Teenagers not only rest hard but also play harder than other age group. Many teens play multiple sports, trying several different activities before finding the one they excel in. Additionally, teenage bodies are still growing. Muscles, bones, tendons, ligaments, and joints are not fully developed until their mid to late teen years. As a result, many teens will suffer from sports injuries at some point.
Sports Injuries in Teens
There are several types of injuries that commonly occur in young players such as sprains, strains, knee and shin injuries, fractures and dislocations.
The most common injury involves the knees, with more than 4 million knee injuries treated every year. If your teenage athlete complains of extreme pain, swelling and weakness or inability to move a joint or limb normally, bench them until they can be evaluated by a doctor.
While all athletes are at risk of developing these types of injuries, when it occurs in a teenager, special attention should be paid to the teen’s future. Many coaches espouse a “toughen up and walk it off” approach, which does a grave disservice to many young players by risking more serious injury to their players. That attitude leads to a delay in healing and turns an easy-to-treat injury into something more severe, possibly resulting in a player no longer being able to play.
Treatment of Sport Injuries
Most simple sports injuries in teens – outside of bone breaks or tears of connective tissue – can be treated using conservative methods such as RICE (rest, ice, compression, and elevation). Substantially reducing the amount of strain on the injured area is important. This may require crutches and a brace if the injury is on the leg or foot. Apply ice to the affected area 4-8 times a day for 20 minutes. Compression is used to reduce swelling and requires putting pressure on the affected region, like an ACE wrap or other orthopedic type device. Elevate the injured area by raising it above the heart to reduce swelling.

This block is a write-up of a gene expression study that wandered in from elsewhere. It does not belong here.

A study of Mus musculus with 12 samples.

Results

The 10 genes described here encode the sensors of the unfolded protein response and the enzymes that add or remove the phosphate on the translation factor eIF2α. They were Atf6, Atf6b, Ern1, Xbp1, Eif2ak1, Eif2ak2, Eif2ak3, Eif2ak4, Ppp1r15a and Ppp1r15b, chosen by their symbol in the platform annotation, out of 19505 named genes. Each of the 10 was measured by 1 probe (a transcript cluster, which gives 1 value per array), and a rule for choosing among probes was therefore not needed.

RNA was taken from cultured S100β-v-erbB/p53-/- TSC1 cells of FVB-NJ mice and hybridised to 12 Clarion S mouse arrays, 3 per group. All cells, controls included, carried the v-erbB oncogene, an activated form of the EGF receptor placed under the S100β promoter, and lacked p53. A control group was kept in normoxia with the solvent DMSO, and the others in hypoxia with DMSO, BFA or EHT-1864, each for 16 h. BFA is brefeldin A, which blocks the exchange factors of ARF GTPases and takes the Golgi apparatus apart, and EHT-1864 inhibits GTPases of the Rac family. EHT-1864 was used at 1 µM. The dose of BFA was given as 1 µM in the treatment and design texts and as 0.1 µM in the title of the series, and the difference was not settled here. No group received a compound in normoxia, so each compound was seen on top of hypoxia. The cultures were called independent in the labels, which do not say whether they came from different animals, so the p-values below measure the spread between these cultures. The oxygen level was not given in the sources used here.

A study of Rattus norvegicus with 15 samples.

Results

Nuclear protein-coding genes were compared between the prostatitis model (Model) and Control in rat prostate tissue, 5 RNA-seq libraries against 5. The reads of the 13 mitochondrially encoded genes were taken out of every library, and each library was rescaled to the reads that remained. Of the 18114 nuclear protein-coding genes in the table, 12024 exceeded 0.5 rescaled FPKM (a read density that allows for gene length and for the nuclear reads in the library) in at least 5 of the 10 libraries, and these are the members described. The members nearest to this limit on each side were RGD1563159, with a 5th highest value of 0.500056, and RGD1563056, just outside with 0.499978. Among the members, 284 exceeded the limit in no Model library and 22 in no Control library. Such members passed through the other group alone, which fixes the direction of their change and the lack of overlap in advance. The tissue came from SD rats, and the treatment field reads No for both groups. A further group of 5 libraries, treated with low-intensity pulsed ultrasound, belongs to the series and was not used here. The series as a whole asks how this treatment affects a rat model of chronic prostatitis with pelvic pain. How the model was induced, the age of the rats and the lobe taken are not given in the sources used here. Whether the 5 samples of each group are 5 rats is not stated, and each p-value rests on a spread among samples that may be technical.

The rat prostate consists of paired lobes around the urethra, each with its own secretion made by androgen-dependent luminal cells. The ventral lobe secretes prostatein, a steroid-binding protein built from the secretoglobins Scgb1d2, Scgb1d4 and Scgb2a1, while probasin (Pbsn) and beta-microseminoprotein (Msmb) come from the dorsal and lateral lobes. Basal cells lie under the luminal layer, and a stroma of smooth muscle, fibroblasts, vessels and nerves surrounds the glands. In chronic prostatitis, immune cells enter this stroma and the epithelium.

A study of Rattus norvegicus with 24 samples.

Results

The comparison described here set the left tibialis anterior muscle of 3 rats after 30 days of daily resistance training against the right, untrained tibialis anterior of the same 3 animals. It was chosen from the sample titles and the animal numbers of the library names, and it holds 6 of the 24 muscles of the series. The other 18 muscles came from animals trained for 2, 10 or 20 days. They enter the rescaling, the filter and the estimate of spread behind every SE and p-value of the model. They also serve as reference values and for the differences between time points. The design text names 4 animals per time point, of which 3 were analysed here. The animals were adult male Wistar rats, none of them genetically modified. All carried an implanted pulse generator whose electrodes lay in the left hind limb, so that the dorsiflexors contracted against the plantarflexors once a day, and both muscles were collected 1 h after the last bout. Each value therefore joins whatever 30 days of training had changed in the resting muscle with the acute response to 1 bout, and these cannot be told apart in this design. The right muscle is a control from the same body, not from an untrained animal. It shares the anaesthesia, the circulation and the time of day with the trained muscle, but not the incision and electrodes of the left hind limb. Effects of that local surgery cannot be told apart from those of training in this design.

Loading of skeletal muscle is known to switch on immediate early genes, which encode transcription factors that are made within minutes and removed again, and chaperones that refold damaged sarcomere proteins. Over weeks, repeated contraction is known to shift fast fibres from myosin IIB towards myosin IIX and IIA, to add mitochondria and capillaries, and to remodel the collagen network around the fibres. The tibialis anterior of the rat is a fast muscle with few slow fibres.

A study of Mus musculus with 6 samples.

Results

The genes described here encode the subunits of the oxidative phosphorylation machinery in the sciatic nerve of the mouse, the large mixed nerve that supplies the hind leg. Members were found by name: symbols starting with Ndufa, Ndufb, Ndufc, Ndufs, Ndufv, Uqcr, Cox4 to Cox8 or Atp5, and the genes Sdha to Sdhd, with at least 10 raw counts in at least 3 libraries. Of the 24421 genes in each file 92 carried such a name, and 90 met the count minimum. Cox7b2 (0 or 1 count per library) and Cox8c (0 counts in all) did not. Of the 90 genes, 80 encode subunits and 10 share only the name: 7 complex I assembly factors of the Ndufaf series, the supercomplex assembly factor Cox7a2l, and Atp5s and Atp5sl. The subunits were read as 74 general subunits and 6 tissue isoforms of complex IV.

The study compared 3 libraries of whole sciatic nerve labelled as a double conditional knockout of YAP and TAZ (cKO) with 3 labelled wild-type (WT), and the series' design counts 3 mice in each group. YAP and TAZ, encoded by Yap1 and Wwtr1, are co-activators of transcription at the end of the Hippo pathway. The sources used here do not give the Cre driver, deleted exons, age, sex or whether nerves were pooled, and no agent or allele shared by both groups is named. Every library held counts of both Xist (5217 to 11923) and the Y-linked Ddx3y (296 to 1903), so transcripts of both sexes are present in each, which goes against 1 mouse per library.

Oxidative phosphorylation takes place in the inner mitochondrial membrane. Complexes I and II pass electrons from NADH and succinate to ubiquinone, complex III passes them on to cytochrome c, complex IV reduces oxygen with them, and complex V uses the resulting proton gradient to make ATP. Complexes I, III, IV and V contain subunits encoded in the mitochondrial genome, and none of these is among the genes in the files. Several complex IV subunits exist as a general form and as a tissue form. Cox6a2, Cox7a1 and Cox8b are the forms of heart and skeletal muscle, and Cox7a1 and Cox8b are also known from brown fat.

Injury Prevention and Returning to the Field
In order to return to a sport without doing further damage to an injury, teens should pay attention to certain injury-prevention methods. Wearing correct safety gear is a must. Sports gear should fit properly and be maintained. In some cases, extra protection may be needed for teen athletes such as using extra tape or wearing a special brace, modified shoes, or additional padding. Anything that protects the injured area of the body is a good idea.
Following a physical therapy program post-injury might mean your teen has to take extra time to warm up, or work out in a gym or with a rehabilitation therapist to strengthen the injured body part.
Teens to take it slow when it comes to resuming their activity of choice. For example, they shouldn’t return to game play without practicing first. This helps to ensure the return to the field or court is appropriate before picking back up where they left off.
Most importantly, teenagers should get to know their body’s limits. Pain is one way the body tells you something is wrong, so listen to it when it speaks to you.
If you or your teen has suffered a sports injury and needs special attention or a checkup to return to the field, court, or starting lineup, let the professional team at North Country Orthopaedic Group know. Call (315) 782-1650 or request an appointment online.